Gold Rush’s Parker Schnabel Builds Family Legacy
This Fall marks another win for Discovery Channel’s hit show “Gold Rush”, which takes the lead as the #1 rated program on Friday nights among male viewers. It appears 20-year-old Parker Schnabel’s successful $1.4 million rookie season has audiences back to see if he can double it. Was this beginner’s luck or is he destined for mining history?
MiLLENNiAL caught up with Parker on Halloween during his visit to New York City. This was the first time the native Alaskan was in the Big Apple, and it was apparent he was much more eager to explore the city than sit through a lengthy interview. But while New York may have been foreign, traveling is nothing new to Parker. After spending seven to eight months in the Klondike, he takes his winters to see the world, spending three weeks in London last year. But as important as travel is in Parker’s life, it’s the pursuit of gold that drives him most.
Doubling his Take by the End of Season 5
This may be Parker’s second season as a captain, but his years of being exposed to the business go back to the age of 8. His grandfather, John, a legendary Alaskan gold miner from Porcupine Creek, has been teaching Parker the ways of the mine for the last 12 years. Over that time, the two formed an incredibly tight bond. It is this cross-generational relationship that has contributed to the show’s hooking factor.
With 75 years between them, their relationship proves that age knows no boundaries for friendship and admiration. Parker genuinely wants to learn from his grandpa’s experiences and John genuinely wants to leave a legacy for his grandson to grow. As a result, John has given Parker the chance to live out that claim by handing the reigns over to his mine. Parker tells us, “My grandpa went through the school of hard knocks and if I take his advice I won’t have to.” He chalks it up to “cutting years of failure out of the equation.”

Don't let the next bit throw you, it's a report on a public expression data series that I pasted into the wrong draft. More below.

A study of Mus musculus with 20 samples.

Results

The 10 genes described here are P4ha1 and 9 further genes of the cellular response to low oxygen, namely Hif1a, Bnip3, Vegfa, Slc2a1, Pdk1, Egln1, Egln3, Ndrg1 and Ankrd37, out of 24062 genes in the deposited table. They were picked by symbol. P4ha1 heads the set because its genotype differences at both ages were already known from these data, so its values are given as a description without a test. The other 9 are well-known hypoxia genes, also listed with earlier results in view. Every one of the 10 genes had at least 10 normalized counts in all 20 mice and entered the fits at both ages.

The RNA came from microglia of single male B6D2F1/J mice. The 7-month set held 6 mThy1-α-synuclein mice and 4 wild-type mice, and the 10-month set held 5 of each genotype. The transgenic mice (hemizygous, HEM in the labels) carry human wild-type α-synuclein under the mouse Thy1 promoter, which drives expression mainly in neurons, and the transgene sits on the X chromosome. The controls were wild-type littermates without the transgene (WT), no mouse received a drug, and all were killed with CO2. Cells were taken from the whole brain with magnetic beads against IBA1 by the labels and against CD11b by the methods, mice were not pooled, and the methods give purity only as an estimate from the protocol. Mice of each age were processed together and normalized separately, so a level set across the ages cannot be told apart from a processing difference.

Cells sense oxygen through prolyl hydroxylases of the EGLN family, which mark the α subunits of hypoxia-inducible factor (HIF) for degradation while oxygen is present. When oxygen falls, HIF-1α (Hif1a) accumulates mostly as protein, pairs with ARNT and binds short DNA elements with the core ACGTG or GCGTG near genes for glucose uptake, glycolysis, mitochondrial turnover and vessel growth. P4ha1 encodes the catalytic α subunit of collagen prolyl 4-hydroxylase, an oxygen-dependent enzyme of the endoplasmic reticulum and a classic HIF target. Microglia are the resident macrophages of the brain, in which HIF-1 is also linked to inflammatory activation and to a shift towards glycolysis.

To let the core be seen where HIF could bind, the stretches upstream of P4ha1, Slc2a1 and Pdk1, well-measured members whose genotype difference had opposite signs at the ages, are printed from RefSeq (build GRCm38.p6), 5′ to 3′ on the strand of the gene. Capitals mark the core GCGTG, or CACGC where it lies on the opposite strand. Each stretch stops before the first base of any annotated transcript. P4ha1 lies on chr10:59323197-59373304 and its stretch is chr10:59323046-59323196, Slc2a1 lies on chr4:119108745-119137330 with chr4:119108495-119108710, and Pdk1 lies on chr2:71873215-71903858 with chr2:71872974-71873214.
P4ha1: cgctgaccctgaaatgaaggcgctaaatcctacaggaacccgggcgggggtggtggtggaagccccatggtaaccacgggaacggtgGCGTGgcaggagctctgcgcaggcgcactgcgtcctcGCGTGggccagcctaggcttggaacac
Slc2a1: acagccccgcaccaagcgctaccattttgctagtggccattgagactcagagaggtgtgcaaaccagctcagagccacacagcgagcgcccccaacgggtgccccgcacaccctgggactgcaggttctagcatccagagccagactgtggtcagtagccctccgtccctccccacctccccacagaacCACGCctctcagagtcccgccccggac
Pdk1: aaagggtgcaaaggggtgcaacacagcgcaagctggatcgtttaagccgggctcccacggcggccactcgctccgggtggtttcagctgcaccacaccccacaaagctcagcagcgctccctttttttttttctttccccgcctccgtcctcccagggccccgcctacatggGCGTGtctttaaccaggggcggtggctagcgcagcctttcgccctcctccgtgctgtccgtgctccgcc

A young man in an old man’s world
Now, young Parker faces something his grandpa never had to: managing an older crew. As someone who only recently turned 20, Parker confesses it’s not easy to be taken seriously by those who have years of experience in the field. “Any time you get that dynamic it’s tough. You have to tread lightly and I’m not very good at treading lightly.” To counter this judgment, he works as hard as he can and if his crew doesn’t trust him he has no problem letting them go.
Parker is the first to admit he doesn’t have any particular strengths as a foreman but rather a lot of weaknesses to improve as he matures. “I’m pretty short tempered. A lot of time I don’t show people the respect they deserve. I’m not very patient.” While it may appear Parker’s temper is out of the ordinary, this erratic behavior is not unusual for the job. The rigorous activity and heavy equipment liability has these men under a lot of pressure to deliver the goods.
And the amount of resources consumed to produce these commodities has the tree-huggers of the world riled. Some eco-advocates suggest the chemicals from mining equipment pollute community groundwater and the manmade erosions corrupt natural habitats. Parker rejects these claims saying that on his personal land they “don’t use chemicals.”
Caring About Causes Along the Way
Although environmentalists look at any particular dig site as a catastrophic disaster to its surrounding biodiversity, Parker assures us he takes reclamation very seriously. He explains, “Reclamation is putting the areas that we’ve mined back to its natural state…we take a lot of the cuts and turn them into ponds. Birds and wildlife love that.” In true millennial fashion, Parker adds, “I do care about the environment…we try to show the most amount of respect for what we do.”
Just as Parker shows respect for the land in which he mines, he also tries to show his support for his friend’s company, Ugly Kid. He wears this distinguishable t-shirt on the show as an endorsement for the brand, which aims to fight school bullying.
“A lot of kids have a hard time getting through junior high. I couldn’t image going through it without a good support system. I have a really close-knit family. A lot of kids don’t have that.” It is this family unit that has created a turnkey operation for Parker.
Parker Schnabel & the Family Legacy
While most millennials are struggling to pay back their loans, Parker has opted to try his luck with gold mining. After all, it’s in his blood. Parker reminds us that as a gold miner it’s one thing to make $1.4 million gross profit, it’s another to see that amount in your bank account.
“I’m having fun with what I’m doing and I’m making money so I’m not thinking about [the future].” Instead, he says he is staying present and focusing on becoming financially stable.
To follow Parker Schnabel’s journey, tune into Discovery Channel Fridays at 9pm.
Britt Hysen is the Editor-in-Chief and founder of MiLLENNiAL. In addition to being a media entrepreneur, Britt is a passionate humanitarian, international speaker, and an expert on all things related to the global millennial.